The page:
You love baseball. Tim Kurkjian loves baseball. So while we await its return, every day we’ll provide you with a story or two tied to this date in baseball history.
ON THIS DATE IN 1996, we said hello to The Brady Bunch
Orioles outfielder Brady Anderson hit a leadoff home run for a fourth consecutive game, a major league record. He would finish that season with 50 homers, more than any Oriole had ever hit, and 26 more than he would hit in any season of his 15-year career. During his leadoff home run barrage, I talked to him pregame at the bat rack at Oriole Park.
The full “On this date …” archive
“The corked bats are in the bag over there,” he said, laughing.
Anderson was fun to cover because you never knew what he might say — or do.
In 1989, I told him that he was leading all leadoff hitters in slugging. He responded, “I floss more than any leadoff hitter.” When he met O.J. Simpson for the first time (pre-O.J. trials), Anderson approached him on the running track at USC and said, “O.J., loved you in ‘Towering Inferno.”’
When a radio talk show host in Baltimore said that he could throw better than Orioles outfielder Mike Devereaux, Anderson demanded that the radio guy go out to shallow to medium right field and make a throw to the plate. When the ball stopped rolling, it wasn’t even close to reaching the plate.
“Don’t you ever say you can throw better than a big league outfielder!” Anderson said.
In July 1992, Anderson was having a tremendous season. He was seated at an outdoor restaurant in Baltimore after a game when he was approached during dinner by some young guy.
“He tells me while I am eating that he was a high school sprint champ in Pennsylvania, and he could blow my doors off whenever he wanted,” Anderson said.
So, Anderson, in the middle of a season in which he was in the hunt for the American League MVP award, went into the restaurant parking lot, took off his shirt and raced this young guy three times, crushing him three times.
Brady Anderson was not a one-year wonder; he was a good player for most his career. He was wildly athletic, he had great power and great speed, and he was in unbelievable shape — and he still is at age 56. But one season, he was hitting .178 in May, the worst start to a season in his career. He went out after a game with teammate Rene Gonzales. It was 1:30 a.m. They were driving way too fast on one-lane roads. It was raining, and Anderson finally looked at his friend and said, “Gonz, if I wasn’t hitting .179, I’d ask you to slow down.”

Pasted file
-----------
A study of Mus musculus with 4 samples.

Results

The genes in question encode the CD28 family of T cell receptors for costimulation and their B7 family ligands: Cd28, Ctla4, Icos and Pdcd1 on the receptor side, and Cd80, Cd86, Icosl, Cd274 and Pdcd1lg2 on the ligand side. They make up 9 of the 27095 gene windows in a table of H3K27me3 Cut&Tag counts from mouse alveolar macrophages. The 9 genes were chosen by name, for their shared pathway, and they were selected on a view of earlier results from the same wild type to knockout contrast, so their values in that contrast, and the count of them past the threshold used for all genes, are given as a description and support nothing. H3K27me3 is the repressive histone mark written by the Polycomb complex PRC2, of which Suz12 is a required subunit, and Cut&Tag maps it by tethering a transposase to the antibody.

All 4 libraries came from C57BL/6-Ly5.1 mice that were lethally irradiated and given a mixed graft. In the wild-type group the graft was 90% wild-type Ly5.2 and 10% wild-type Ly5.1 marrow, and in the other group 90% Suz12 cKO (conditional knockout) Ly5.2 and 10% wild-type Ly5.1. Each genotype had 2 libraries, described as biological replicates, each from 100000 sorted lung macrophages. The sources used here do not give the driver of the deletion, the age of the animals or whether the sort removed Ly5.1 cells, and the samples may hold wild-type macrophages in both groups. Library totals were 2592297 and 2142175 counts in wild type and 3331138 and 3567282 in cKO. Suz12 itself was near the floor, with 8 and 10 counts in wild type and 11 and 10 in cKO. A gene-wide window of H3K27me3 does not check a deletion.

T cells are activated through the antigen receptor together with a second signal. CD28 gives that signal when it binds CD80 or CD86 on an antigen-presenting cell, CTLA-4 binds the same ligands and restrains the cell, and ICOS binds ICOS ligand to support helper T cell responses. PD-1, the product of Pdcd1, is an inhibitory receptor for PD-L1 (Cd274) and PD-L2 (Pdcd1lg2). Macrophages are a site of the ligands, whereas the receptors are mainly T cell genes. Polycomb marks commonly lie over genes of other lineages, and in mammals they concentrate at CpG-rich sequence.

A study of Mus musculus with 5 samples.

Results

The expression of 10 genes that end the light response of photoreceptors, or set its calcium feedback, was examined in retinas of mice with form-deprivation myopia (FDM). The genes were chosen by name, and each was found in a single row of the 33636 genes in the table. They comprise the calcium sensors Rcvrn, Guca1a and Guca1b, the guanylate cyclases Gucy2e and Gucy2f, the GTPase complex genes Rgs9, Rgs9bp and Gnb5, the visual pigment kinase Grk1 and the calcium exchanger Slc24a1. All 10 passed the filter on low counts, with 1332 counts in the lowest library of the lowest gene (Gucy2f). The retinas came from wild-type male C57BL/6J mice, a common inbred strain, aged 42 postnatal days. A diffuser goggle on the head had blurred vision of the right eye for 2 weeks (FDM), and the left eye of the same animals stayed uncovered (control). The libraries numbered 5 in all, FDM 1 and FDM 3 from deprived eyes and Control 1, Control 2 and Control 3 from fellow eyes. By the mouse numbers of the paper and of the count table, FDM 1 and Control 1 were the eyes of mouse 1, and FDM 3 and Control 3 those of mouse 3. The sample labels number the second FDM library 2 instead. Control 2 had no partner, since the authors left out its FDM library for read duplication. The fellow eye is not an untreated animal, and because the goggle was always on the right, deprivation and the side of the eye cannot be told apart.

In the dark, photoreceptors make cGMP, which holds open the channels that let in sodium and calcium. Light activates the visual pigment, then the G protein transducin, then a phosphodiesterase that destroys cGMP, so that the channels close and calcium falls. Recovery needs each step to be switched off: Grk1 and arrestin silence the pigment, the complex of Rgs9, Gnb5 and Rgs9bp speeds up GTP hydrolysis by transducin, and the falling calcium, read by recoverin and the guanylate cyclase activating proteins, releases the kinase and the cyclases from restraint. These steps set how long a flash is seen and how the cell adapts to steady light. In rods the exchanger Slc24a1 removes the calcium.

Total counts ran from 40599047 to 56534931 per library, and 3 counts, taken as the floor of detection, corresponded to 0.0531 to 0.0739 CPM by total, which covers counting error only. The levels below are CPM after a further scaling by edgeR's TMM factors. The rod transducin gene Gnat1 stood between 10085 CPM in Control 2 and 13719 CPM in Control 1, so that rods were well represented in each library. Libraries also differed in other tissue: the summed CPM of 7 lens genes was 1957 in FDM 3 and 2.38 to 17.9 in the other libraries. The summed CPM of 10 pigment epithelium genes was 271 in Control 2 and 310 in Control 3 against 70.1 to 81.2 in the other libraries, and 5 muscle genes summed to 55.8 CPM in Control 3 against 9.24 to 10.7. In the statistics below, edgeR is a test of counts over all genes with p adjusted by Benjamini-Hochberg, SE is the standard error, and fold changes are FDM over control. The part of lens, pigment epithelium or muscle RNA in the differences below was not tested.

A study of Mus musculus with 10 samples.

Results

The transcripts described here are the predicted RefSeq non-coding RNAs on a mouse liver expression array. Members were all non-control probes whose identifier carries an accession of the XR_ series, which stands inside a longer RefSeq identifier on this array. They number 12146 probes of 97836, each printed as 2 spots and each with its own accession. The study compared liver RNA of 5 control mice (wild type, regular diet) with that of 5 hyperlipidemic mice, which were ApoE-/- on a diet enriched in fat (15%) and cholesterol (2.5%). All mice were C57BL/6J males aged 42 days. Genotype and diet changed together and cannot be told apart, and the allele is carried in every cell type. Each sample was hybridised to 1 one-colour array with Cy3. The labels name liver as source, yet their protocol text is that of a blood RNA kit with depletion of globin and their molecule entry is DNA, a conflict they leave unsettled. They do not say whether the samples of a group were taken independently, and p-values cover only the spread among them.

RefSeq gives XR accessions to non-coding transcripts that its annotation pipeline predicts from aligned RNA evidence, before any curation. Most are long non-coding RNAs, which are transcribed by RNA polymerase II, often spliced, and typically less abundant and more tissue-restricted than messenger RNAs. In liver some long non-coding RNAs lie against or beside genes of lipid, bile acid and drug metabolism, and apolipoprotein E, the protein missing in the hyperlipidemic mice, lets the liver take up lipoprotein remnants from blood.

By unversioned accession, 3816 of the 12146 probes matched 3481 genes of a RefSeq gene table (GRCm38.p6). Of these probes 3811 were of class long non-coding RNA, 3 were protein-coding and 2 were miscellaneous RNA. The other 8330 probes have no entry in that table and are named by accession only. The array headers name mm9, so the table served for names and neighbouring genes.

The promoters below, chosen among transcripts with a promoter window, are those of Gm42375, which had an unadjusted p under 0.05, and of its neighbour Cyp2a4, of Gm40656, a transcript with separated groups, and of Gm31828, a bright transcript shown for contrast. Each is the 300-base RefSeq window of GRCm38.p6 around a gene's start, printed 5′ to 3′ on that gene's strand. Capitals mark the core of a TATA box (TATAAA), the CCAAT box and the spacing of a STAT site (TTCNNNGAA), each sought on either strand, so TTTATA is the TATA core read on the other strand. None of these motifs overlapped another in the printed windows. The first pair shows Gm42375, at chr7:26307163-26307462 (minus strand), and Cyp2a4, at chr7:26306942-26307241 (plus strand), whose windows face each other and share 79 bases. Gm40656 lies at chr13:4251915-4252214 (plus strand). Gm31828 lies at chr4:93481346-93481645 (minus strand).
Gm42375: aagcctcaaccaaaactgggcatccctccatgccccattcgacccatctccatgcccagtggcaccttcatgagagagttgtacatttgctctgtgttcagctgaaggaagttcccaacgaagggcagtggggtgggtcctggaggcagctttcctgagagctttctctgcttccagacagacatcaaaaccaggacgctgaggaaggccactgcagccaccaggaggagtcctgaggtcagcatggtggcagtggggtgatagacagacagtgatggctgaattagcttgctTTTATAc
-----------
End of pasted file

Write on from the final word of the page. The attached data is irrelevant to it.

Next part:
Other baseball notes from April 21
In 2012, the White Sox’s Philip Humber pitched a perfect game. It was the only complete game of his career. The last pitcher before Humber to throw a perfect game was Dallas Braden in 2010. It was the first complete game of Braden’s career.
In 2016, Jake Arrieta pitched a no-hitter, beating the Reds 16-0. A few years earlier, Brady Anderson, at the Orioles’ spring training facility, asked Arrieta to walk on his hands. So, Arrieta walked across the room on his hands.
In 2019, the Rangers’ Joey Gallo hit the first sacrifice fly of his career. It came in his 1,337th plate appearance. He hit 96 homers in the major leagues before he hit a sacrifice fly. The previous record for most homers before hitting a sacrifice fly was 50 by Wily Mo Pena.
In 1937, Gary Peters was born. In 2,080 ⅔ innings, he never gave up a grand slam. But he hit one. In 1988, I was in the press box during spring training in Miami. A local writer asked no one in particular who the next-day pitcher was for the White Sox. I jokingly said, “Gary Peters and Joel Horlen.” Both guys played 50 years ago, and they hadn’t pitched in years. The next day in the Miami Herald, in the upper, right-hand corner of the sports page, were the probable pitchers for the White Sox that day: Gary Peters and Joel Horlen. Yikes.